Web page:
This is the second week of words from the February/March Article of the Month (it was pretty jam packed with great words). These are high-frequency words, all of which are featured on Vocab Wednesday for the first time.
If you know the word uncanny, which means strange in this creepy way, the definition of canny might not make much sense. To be canny is be clever, shrewd, savvy. The focus is on business or money matters, e.g. a canny card shark, a canny financial adviser. So there is nothing uncanny about canny—unless you think
Plants love sunlight. Put one in a closet and it will quickly wilt. Darkness—or at least a lack of sunlight—stultifies a plant: it limits its growth. Stultify is almost always used in a human context, describing a process that limits or weakens one. A school with a strong disciplinarian bent will likely stultify the mind of a creative child. Any job where you do the same thing day after day will stultify you. Communist Russia stultified innovation by deifying the state at the expense of the individual.
My daughter loves Play Doh: she can mold it to any shape she wants (though, she’s often content to sit there and simply smell it). Anything that can be shaped or molded is malleable. The word isn’t just reserved for concrete things (though it doesn’t apply to actual concrete). A person, if he or she is easily susceptible to influences, can be malleable.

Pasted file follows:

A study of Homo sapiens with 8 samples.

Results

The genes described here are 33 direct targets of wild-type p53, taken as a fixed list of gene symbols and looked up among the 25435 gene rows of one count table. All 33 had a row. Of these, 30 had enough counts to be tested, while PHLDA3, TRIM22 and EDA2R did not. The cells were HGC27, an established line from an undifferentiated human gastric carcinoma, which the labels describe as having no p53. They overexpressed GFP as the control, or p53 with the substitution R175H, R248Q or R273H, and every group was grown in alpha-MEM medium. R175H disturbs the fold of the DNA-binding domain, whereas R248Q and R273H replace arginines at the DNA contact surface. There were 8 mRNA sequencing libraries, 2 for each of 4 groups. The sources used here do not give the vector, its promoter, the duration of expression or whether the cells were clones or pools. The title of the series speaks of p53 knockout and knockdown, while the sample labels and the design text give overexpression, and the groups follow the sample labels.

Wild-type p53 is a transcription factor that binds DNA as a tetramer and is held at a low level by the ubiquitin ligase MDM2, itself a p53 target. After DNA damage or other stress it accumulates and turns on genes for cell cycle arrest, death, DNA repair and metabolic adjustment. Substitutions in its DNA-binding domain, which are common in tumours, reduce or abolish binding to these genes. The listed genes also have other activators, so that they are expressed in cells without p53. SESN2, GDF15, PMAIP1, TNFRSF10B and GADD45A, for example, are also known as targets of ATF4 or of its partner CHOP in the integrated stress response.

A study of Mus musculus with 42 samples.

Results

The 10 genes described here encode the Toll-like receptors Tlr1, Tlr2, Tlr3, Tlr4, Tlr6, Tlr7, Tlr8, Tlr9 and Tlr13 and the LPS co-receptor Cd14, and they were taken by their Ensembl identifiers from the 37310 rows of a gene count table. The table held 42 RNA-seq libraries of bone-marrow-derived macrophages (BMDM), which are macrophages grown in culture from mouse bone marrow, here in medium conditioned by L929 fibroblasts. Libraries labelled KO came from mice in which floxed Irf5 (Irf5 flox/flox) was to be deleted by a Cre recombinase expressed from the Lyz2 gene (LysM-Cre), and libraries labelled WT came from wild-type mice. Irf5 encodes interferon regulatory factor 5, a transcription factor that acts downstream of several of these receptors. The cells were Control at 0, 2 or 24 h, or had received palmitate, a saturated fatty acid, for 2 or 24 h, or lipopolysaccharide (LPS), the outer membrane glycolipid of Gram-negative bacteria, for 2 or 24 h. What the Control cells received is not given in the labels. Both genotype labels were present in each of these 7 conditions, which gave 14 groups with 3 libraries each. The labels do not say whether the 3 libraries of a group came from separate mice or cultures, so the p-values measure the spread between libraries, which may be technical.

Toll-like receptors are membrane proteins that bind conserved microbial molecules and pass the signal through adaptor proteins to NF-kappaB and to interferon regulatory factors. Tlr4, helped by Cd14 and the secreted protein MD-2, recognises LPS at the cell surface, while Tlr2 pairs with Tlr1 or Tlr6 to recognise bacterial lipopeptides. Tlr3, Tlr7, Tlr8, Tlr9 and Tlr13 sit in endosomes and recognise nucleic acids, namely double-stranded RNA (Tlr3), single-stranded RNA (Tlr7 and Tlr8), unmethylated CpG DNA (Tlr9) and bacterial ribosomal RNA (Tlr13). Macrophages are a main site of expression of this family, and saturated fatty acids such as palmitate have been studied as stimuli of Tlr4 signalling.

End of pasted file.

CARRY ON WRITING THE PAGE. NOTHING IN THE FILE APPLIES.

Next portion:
Independent voters are often the most malleable amongst the electorate, because they do no identify strongly with the values of either party.
Something no longer functioning or existing is defunct. Video cassette recorders (VCR’s), the television networks of the 1950’s, Communism (at least in parts of the world) have all become defunct, tossed into the dustbin of history. But defunct isn’t only about the past; many of the things we use today will at some point become defunct. While Facebook is still pretty ascendant, amongst many high school students, who are mortified that their parents can view their “selfies”, the social network has long been defunct.
A tricky word—if you happen to know recapitulated, a word that’s popped up on Vocab Wed. before. The latter means to go over or recap. Capitulate, however, means to surrender.
With its munitions close to nil, the platoon was forced to capitulate.
When two opposing sides meet to resolve a conflict, both sides often refuse to budge. In such cases, the sides have reached an impasse—neither wants to give up any ground. Presently, the U.S. and Russia have reached an impasse. The U.S. doesn’t want Russia to use any military force; Russia doesn’t want the U.S. to tell it how to handle its own affairs. The rest of the world anxiously stands by, hoping that the two nations will be able to negotiate a way out of this dangerous impasse.